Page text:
This Flash review contains spoilers.
The Flash Season 2 Episode 3
I don’t know why I wasn’t looking forward to “Family of Rogues.” I mean, why wouldn’t I want to see Michael Ironside in any capacity, not to mention the return of one of the bright lights of a cast that’s positively full of bright lights, Wentworth Miller?
Maybe it was because I was mildly disappointed with the first two episodes of season two. Only mildly, mind you. But they were talky, villain of the week affairs that had to set up a whole new set of rules for this season. I get it. It happens. And it’s a long season. I just had gotten so used to that ol’ Flash magic in the latter half of season one, that maybe I got a little spoiled.
Well, “Family of Rogues” was a big reminder of every single thing that works about this show when it’s working well. On its very worst day, it’s always saved by the cast. But this episode, which has the added bonus of adding in the aforementioned Mssrs. Ironside and Miller, plus Peyton List as Lisa Snart, and there were sparks again.
The whole Captain Cold (and by extension Lisa) arc has been a microcosm of the classic comic book philosophy of the Rogues. Most of Flash’s villains aren’t maniacal killers, or even particularly powerful crime bosses. They just love committing crime. They’re “super criminals” who love the thrill of a good heist and living outside the law. We’re now roughly a half-dozen episodes or so into this proper exploration of rogue psychology, and every time it feels more like a perfectly natural extension of the rest of this show’s world.
There are some downsides, though. Bringing in and dismissing the elder Snart was a little perfunctory, and that this could have used another episode to build things up, or that maybe the heist itself wasn’t really big or daring enough to merit things like blowing up your own daughter’s head. Perhaps two or three episodes would have given the show more time to really explore the deeper consequences of the abuse that Len and Lisa suffered. We get so many episodes that make us love (deeply) the fathers on this show, that Lewis Snart could have been a stronger counterpoint to that.
What’s more, while Vanessa Williams turns in a strong performance as Francine West, I’m not quite sure I followed all the logic of the backstory here. Are we to believe that Iris didn’t remember calling 911 when her Mom overdosed on the couch? It just felt a little unclear, and things went a little too smoothly with Iris and Joe. Plus, it’s another “everybody lies to Iris all the damn time” hangover, and I was hoping we had moved beyond that. Still, Jesse Martin was brilliant in these scenes, so I can deal…and we know Wally West is on the way.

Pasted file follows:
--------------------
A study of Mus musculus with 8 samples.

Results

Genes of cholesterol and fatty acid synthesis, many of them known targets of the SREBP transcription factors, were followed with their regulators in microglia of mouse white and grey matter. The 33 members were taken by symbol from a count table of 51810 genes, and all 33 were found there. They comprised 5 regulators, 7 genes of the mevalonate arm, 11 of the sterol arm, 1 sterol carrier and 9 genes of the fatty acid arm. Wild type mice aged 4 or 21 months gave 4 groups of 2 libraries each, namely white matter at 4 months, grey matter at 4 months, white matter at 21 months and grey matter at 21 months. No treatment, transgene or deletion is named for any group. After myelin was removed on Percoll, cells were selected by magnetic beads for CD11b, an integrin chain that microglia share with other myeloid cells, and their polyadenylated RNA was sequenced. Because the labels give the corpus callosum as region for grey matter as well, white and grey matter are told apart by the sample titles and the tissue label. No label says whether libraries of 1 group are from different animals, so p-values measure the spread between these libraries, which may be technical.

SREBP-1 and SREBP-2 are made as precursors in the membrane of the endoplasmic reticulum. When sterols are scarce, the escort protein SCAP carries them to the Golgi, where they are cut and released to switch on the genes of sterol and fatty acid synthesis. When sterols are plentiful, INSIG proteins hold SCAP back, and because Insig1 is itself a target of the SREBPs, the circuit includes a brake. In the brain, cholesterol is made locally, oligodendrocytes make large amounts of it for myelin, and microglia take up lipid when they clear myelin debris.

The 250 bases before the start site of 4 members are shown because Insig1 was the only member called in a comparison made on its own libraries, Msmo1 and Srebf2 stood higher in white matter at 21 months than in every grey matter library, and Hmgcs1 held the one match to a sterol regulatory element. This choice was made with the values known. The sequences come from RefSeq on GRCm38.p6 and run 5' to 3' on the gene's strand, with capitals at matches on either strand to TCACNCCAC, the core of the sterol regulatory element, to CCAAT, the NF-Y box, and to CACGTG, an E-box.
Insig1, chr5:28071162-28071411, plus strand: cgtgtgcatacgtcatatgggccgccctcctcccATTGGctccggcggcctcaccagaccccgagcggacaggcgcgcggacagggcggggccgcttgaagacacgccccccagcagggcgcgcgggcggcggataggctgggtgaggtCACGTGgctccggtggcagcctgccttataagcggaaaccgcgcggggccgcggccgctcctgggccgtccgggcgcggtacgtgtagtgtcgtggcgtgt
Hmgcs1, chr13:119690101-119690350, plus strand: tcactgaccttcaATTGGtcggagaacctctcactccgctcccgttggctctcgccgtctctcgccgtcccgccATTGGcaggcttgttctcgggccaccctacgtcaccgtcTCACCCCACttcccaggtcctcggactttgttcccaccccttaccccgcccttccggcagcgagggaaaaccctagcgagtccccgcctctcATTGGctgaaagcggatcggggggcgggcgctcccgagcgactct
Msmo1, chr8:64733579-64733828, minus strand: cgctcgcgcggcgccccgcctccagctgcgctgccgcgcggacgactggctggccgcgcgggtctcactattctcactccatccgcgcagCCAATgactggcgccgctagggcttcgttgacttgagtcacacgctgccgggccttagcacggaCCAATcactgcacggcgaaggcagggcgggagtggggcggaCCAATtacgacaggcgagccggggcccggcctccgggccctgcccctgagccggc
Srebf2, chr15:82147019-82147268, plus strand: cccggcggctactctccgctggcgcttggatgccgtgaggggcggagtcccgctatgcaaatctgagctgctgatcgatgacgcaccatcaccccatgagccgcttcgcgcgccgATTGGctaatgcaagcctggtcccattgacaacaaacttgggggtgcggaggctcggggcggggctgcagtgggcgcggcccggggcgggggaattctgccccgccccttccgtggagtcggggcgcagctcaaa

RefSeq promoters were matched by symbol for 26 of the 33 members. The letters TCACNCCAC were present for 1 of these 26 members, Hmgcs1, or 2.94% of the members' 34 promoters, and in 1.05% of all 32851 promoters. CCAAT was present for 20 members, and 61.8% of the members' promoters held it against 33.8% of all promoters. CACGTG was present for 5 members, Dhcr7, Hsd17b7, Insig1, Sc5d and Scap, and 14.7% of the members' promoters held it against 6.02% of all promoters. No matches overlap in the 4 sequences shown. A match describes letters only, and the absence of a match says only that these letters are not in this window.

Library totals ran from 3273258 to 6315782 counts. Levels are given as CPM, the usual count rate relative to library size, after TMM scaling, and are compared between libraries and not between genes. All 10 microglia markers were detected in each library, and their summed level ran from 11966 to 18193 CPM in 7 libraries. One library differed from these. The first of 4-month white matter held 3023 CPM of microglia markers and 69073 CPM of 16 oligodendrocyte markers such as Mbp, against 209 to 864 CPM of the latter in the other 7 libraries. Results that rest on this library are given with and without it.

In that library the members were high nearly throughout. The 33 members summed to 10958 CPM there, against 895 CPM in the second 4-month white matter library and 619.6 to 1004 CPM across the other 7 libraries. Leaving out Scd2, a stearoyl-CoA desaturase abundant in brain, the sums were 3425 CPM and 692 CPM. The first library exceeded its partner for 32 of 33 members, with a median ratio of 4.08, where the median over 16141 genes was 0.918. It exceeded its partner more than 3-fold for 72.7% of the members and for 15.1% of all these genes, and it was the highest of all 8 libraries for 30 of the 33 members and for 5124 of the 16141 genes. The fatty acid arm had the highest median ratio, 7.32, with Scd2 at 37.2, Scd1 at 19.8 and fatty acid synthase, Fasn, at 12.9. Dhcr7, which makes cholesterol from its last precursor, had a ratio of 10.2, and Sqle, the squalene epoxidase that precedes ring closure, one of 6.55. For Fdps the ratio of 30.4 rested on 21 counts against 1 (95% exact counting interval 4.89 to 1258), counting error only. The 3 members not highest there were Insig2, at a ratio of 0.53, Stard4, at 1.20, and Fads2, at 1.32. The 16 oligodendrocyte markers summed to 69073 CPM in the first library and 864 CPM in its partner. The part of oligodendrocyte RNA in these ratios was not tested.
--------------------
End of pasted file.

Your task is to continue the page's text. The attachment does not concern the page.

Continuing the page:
All in all, though, this was a rather well-balanced episode. Despite not having a ton of costumed superheroics (that opening sequence was tremendous fun), it finally felt like the whole cast finally got something legitimate to do other than explain the rules of season two to the audience.
Oh, and this doesn’t quite fit anywhere else in this review, but can we just talk about Cisco’s Professor Stein impression and Barry subtly hiding the lower half of his face with his coffee mug when Lisa shows up at Jitters? Good for some solid chuckles, no?
Who the Hell is Harrison Wells?
I…I got nothing. I’m pretty much always wrong about Harrison, so that probably won’t change this year. But that seemed like a needlessly sinister entrance for him, didn’t it? That makes me think we’re being misdirected, and Earth-2 Harrison (or whoever he is) is actually an alright guy. Right? Anyone?
– Lewis Snart being a scumbag and Len’s complete devotion to Lisa is straight out of Flash history. Again, I do wish they had built this up a little more over time before Lewis was sent to the great prison in the sky, but whatever.
– And despite what I thought was simply a Suicide Squad reference was actually something much cooler, and I owe it all to the folks in the comments. Scanners star Michael Ironside got to do some head-exploding once again in this episode!
– Not strictly a DC Comics reference, but the way they handled Barry’s bullet catch at the commercial break struck me as a callback to old movie serials. Instead of just cutting to Barry on the floor with the bullet in hand, we see him get shot again, then they show the explanation of the catch, and there’s our resolution. If you’re ever in the mood to see what these things were like, do yourself a favor and watch The Adventures of Captain Marvel, which is honestly one of the best live action superhero things of all time, and certainly the very best of its era.
– I enjoyed Jay’s crack about how there’s a Big Belly Burger in every universe, although to be honest, to the best of my knowledge, I’ve only ever seen it in “main” DC continuity.
Also…did Jay get a haircut?
– I’m just gonna straight up quote the ever-reliable NotBob with his telescopic vision, because I can’t even pretend this one is me.
“The baseball game the security guards are watching contains canon teams. The Central City Diamonds were introduced by Venditti and Jensen last year (along with the Miners, their Basketball team and the modern version of the Coast City Angels). They are playing the Keystone City Salamanders, established by Tom Peyer in 2008 (so Wally West era). Assuming real-time, that would make the Arrowverse World Series a cross-the-river affair that should be getting some headlines.”
I’ll admit I’m not on my game right now with the Flash Facts, because I’m completely distracted by baseball (the Mets only make the playoffs about once every ten years, so please give me a break). Let me know what I missed, and I’ll get ’em added!